Under the Trump administration and the current leadership in Congress, “regulation” has become a dirty word. But in reality, these laws and regulations are what give regular people something like a fair shake when dealing with deep-pocketed corporations.
I should know: It was federal regulation that netted me a $10,000 airline voucher when I was bumped from a recent flight.
Airline passengers are, by now, used to the oversold flight drill: When a flight is oversold, a gate agent will usually offer a travel voucher worth a couple of hundred dollars to any volunteer who is willing to give up their seat. But, many of them probably don't know what happens when no one takes the offer. On a recent United flight out of Washington Dulles, I saw first-hand: The agent began the boarding process, but added the unusual disclaimer that, since there were no volunteers, the lowest fare passenger would be pulled out of the boarding line and could be denied a seat on the plane.
When it was my turn to have my ticket scanned, I heard the dreaded words: “You are the lowest fare passenger. You need to step aside.”
I was “denied boarding involuntarily” and, initially, offered a $2,000 voucher and a seat on the next available flight. But then I was presented with a form to sign, affirming that I had volunteered to give up my seat.
That’s when I paused: I was denied boarding by the airline, so I didn't understand why I was asked to sign a form saying that I volunteered. When I questioned the gate agents, I was given a pamphlet that explained the U.S. Department of Transportation regulations concerning my rights as a bumped flier. It informed me that it's not illegal for airlines to oversell flights and the airline was, in fact, allowed to bump me for being the lowest fare passenger. But it also informed me that I was, by law, eligible for monetary compensation — not just a travel voucher — as a result of the denied boarding and delay in reaching my destination.
When I decided to ask for the cash option to which I was entitled under federal law (about $650) instead of the $2,000 voucher, an agent offered an increasingly valuable voucher. Eventually, their offer topped out at $10,000. While I’m still not sure why the agent offered the maximum amount allowed under her employer's policy instead of the much lower cash option, I walked away feeling pretty happy.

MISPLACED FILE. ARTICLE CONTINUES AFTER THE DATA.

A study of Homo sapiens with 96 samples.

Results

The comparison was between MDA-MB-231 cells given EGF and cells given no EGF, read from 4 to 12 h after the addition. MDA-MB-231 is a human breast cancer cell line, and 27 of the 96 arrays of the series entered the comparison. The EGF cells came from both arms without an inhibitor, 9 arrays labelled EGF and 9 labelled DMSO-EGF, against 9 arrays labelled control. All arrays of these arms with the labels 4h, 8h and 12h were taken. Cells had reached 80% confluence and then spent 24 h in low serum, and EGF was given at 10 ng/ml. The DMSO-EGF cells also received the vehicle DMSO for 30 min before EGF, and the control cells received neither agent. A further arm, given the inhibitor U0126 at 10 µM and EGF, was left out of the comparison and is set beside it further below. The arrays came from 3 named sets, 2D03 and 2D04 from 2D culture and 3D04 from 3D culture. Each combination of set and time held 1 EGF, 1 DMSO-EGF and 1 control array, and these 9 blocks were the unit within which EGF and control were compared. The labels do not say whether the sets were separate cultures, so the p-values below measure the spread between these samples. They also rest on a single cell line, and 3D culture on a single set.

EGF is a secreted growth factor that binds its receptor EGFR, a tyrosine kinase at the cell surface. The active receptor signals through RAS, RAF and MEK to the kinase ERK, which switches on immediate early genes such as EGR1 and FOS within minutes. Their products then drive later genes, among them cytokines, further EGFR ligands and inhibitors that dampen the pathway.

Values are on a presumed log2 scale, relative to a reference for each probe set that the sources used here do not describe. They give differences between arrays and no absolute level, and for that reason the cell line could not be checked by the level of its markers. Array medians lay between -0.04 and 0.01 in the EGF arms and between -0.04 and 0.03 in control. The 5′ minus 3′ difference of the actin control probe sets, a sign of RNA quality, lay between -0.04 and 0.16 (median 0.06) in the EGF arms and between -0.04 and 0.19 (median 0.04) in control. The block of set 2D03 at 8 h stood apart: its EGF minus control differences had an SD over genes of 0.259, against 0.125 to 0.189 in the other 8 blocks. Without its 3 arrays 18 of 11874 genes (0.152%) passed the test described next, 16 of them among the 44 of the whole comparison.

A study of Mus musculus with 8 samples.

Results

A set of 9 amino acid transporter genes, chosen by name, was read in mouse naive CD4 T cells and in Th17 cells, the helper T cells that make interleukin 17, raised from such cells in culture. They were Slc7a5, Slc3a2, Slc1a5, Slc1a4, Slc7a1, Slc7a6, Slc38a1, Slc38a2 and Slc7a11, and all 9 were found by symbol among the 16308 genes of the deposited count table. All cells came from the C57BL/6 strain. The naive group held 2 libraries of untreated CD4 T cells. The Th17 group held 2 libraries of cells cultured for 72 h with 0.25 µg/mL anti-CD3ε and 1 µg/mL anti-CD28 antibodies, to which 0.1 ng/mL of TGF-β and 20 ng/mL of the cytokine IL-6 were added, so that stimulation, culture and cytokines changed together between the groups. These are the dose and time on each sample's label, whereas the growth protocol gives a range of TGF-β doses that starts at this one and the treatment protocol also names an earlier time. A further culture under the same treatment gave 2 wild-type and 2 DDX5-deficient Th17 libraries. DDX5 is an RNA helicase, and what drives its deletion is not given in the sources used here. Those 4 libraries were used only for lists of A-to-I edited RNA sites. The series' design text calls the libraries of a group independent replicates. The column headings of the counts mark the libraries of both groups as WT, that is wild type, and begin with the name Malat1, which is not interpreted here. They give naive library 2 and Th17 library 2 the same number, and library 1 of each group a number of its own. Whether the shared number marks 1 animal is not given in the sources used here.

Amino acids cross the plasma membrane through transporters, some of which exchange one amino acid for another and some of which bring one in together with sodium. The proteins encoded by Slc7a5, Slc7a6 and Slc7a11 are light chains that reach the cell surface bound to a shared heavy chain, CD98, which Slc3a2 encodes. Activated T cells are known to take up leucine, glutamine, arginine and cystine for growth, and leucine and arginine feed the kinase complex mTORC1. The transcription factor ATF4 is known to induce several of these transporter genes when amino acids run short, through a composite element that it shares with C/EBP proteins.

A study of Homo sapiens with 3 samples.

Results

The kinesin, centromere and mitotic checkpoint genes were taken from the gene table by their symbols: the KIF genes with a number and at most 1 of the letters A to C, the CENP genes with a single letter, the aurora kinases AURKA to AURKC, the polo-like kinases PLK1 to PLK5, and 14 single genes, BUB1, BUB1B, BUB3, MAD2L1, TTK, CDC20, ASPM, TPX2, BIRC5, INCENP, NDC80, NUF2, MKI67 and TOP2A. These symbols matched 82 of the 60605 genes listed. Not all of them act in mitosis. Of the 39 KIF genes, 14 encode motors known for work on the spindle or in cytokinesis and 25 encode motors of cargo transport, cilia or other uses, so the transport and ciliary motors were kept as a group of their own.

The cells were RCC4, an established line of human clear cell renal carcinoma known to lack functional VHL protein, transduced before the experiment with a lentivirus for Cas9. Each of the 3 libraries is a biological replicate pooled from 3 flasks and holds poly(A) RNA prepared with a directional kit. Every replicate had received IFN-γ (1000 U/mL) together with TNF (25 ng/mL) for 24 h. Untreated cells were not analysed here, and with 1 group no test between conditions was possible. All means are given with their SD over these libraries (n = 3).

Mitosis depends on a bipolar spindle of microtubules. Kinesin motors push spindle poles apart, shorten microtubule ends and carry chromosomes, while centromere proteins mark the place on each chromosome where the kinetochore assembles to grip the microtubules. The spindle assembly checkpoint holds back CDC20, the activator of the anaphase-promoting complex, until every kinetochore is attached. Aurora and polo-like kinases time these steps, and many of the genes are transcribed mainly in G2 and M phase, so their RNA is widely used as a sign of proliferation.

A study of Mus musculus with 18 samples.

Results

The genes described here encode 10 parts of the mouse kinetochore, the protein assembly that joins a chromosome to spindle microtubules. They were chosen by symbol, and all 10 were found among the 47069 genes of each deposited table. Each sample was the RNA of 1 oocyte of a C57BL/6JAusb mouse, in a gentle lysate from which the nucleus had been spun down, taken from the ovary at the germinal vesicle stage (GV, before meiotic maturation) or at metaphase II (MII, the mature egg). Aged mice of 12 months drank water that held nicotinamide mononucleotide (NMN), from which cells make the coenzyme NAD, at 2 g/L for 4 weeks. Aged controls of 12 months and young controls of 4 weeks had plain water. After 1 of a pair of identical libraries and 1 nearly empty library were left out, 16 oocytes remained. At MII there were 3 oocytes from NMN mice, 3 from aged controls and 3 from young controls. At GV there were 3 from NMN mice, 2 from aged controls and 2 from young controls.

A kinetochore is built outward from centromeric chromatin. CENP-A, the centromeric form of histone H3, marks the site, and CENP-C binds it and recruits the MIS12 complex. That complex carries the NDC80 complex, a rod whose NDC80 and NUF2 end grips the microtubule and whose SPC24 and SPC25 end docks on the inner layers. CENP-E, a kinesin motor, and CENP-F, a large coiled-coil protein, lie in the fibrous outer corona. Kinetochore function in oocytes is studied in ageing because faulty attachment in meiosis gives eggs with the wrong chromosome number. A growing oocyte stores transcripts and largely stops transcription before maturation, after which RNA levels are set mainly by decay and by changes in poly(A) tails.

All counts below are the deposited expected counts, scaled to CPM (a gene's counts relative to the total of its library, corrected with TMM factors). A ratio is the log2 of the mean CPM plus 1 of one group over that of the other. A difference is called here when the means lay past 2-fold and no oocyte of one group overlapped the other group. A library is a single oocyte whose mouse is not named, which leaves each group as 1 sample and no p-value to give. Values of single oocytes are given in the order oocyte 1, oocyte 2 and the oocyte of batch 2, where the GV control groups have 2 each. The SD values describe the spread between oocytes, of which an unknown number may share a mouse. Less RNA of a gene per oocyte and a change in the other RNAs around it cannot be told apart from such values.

Still, the experience left me wondering what I — or anyone — would've done without the rules that require airlines to compensate the passenger left behind at the gate when flights are oversold. The current administration has already reversed protections meant to empower airline passengers: Last year, Trump-appointed Transportation Secretary Elaine Chao dropped a proposed rule that would have required airlines to disclose upfront any fees for checked and carry-on bags.
Without strong agency oversight and without laws to protect consumers, airlines and other industries would be free to act with complete impunity when it comes to American consumers and their rights. That’s why it’s key for us to speak out and to vote for lawmakers that believe in and support strong consumer protections that keep us safe — and protect our pocketbooks.
And if you’re wondering how you can score a big-value voucher the next time you’re bumped off a flight: Ask for the cash — and thank the U.S. Department of Transportation.
Allison M. Preiss is the managing director of communications at the Center for American Progress.